In his volume on perseverance, Run to Win the Prize, Thomas Schreiner declares: “The admonitions and threats in the Scriptures address the issue of eternal life. . . . They are addressed to those who have received the Holy Spirit, to those who are genuine Christians.” “I have argued thus far that the warnings in the NT are directed to believers, and they threaten final judgment.” Along with all Arminians who adhere to the doctrine of conditional security, I can give my wholehearted assent to these statements. Unfortunately, I cannot likewise endorse Schreiner’s understanding of perseverance and apostasy. Schreiner writes
[T]he elect and those in the new covenant always heed the warnings [of Scripture]. God loses none of those who belong to him. Just as all the elect believe the gospel when it is proclaimed to them, so too all those who are foreknown and predestined will certainly be glorified. God’s promise that all those who are his will persevere does not exclude the need to heed the warnings. As we have seen, heeding the warnings is the means by which believers are preserved on the last day.
According to Schreiner, all who have been initially saved will be finally saved. Any individual who has been united to Christ by faith will never become an unbeliever again. The inevitable conclusion is this: apostasy remains an impossibility for “genuine Christians.” Schreiner assures us that the various “admonitions and threats” contained throughout Scripture serve as “the means” whereby believers are infallibly preserved from condemnation on the day of judgement. As for those who may have appeared to have borne the marks of a Christian for a season but nevertheless defected from the faith, Schreiner informs us that such persons were never actually in a saving relationship with Christ to begin with.
Those who fall away were never truly Christians. . . . Perseverance is the mark of genuineness, and those who do not persevere reveal that they were not genuinely part of the people of God. . . . No one who is truly elect will ever fall away, for those who do apostatize reveal that they were never genuinely saved.
It is not enough to assert that “genuine Christians” will not apostatize. No, according to Schreiner’s strict Calvinist perspective, the possibility of apostasy itself cannot be actualized. For Schreiner, there is simply no possibility of such an occurrence. In the case of “genuine Christians,” then, apostasy is relegated to the hypothetical realm, for it is something that those who are “genuinely saved” neither will nor can commit.
The logical implication of Schreiner’s view is that the very means by which God’s people are said to be infallibly preserved from damnation via the Word of God are dubious at best and completely disingenuous at worst. Exhorting believers to do that which they cannot fail to do (i.e., persevere) and severely warning them against the impossible (i.e., apostatizing) with the threat of eternal condemnation if they should fail to continue in the faith — which, again, cannot happen according to Schreiner — naturally calls into question the wisdom, goodness, and truthfulness of God and his Word.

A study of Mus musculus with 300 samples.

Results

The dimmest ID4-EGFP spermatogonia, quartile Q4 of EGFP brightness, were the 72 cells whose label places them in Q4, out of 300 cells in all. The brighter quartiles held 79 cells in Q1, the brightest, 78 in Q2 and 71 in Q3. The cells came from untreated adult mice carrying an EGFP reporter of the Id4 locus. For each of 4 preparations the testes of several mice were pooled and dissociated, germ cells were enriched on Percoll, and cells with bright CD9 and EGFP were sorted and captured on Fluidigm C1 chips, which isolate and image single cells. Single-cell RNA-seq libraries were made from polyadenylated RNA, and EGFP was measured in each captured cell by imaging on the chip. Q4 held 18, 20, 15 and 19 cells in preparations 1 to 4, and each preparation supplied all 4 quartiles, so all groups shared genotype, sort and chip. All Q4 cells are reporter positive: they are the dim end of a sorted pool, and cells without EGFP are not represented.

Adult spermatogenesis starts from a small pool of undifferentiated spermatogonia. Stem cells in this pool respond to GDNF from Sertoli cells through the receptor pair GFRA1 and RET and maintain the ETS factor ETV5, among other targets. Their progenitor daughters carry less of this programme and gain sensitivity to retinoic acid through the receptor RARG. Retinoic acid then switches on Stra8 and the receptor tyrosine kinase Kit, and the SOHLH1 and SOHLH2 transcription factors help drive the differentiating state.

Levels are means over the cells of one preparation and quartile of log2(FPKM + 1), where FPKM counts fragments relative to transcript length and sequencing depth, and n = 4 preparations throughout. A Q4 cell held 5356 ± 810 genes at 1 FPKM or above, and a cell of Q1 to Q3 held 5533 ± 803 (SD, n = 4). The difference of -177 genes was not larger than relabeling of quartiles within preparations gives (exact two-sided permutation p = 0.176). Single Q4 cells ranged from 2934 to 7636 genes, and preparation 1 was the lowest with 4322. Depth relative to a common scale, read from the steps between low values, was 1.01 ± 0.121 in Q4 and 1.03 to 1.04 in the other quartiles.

It is much wiser to accept the possibility of apostasy as real in the present age. Yet in so doing one would have to accept salvation as being truly conditional in nature and jettison the entire Calvinist soteriological paradigm as spurious. In my judgement this should be done sooner rather than later.
1. Thomas R. Schreiner, Run to Win the Prize: Perseverance in the New Testament (Wheaton, IL: Crossway, 2010), p. 113. Cf. also Thomas R. Schreiner and Ardel B. Caneday, The Race Set Before Us: A Biblical Theology of Perseverance and Assurance (Downers Grove, IL: IVP Academic, 2001).
2. Schreiner, Run to Win the Prize, p. 104.
3. Schreiner routinely uses the term “elect” as a shorthand designation for persons that God has unconditionally chosen for salvation before the creation of the world. As Arminians affirm conditional election to salvation, we take issue with Schreiner’s consistent use of the scriptural term “elect” as more or less synonymous with the Calvinist doctrine of unconditional election.
4. Schreiner, Run to Win the Prize, p. 113.
5. Schreiner, Run to Win the Prize, p. 106.
6. Schreiner’s erroneous understanding of perseverance as inevitable and apostasy as impossible appear to stem from an a priori commitment to Calvinist double predestination.
7. Albeit unwittingly.
8. I am aware that Schreiner would disagree (that is, unless or until he should become an Arminian).
9. For Arminian perspectives on perseverance and apostasy, see e.g., Gareth L. Cockerill, “A Wesleyan Arminian View,” in Four Views on the Warning Passages in Hebrews, ed. Herbert W. Bateman IV (Grand Rapids, MI: Kregel, 2007), pp. 257–92;I. Howard Marshall, Kept by the Power of God: A Study of Perseverance and Falling Away (reprint; Eugene, OR: Wipf and Stock, 2008); Robert Shank, Life in the Son: A Study of the Doctrine of Perseverance, 2nd rev. and exp. ed. (Minneapolis, MN: Bethany House, 1989).
10. Toward that end, see e.g., F. Leroy Forlines, Classical Arminianism: A Theology of Salvation, ed. J. Matthew Pinson (Nashville, TN: Randall House, 2011); Robert E. Picirilli, Grace, Faith, Free Will: Contrasting Views of Salvation: Calvinism and Arminianism (Nashville, TN: Randall House, 2002); Clark H. Pinnock and John D. Wagner, eds., Grace for All: The Arminian Dynamics of Salvation(Eugene, OR: Resource Publications, 2015); Jerry L. Walls and Joseph R. Dongell,Why I Am Not a Calvinist (Downers Grove, IL: InterVarsity Press, 2004).
Lastest revision: 3 July 2015. (One noted added.)
Copyright © 2015 by J.D. Gallé. All rights reserved.
[Link to original post and comments. Please note that the author is not considered Arminian by SEA because he does not hold to the doctrine of total depravity.]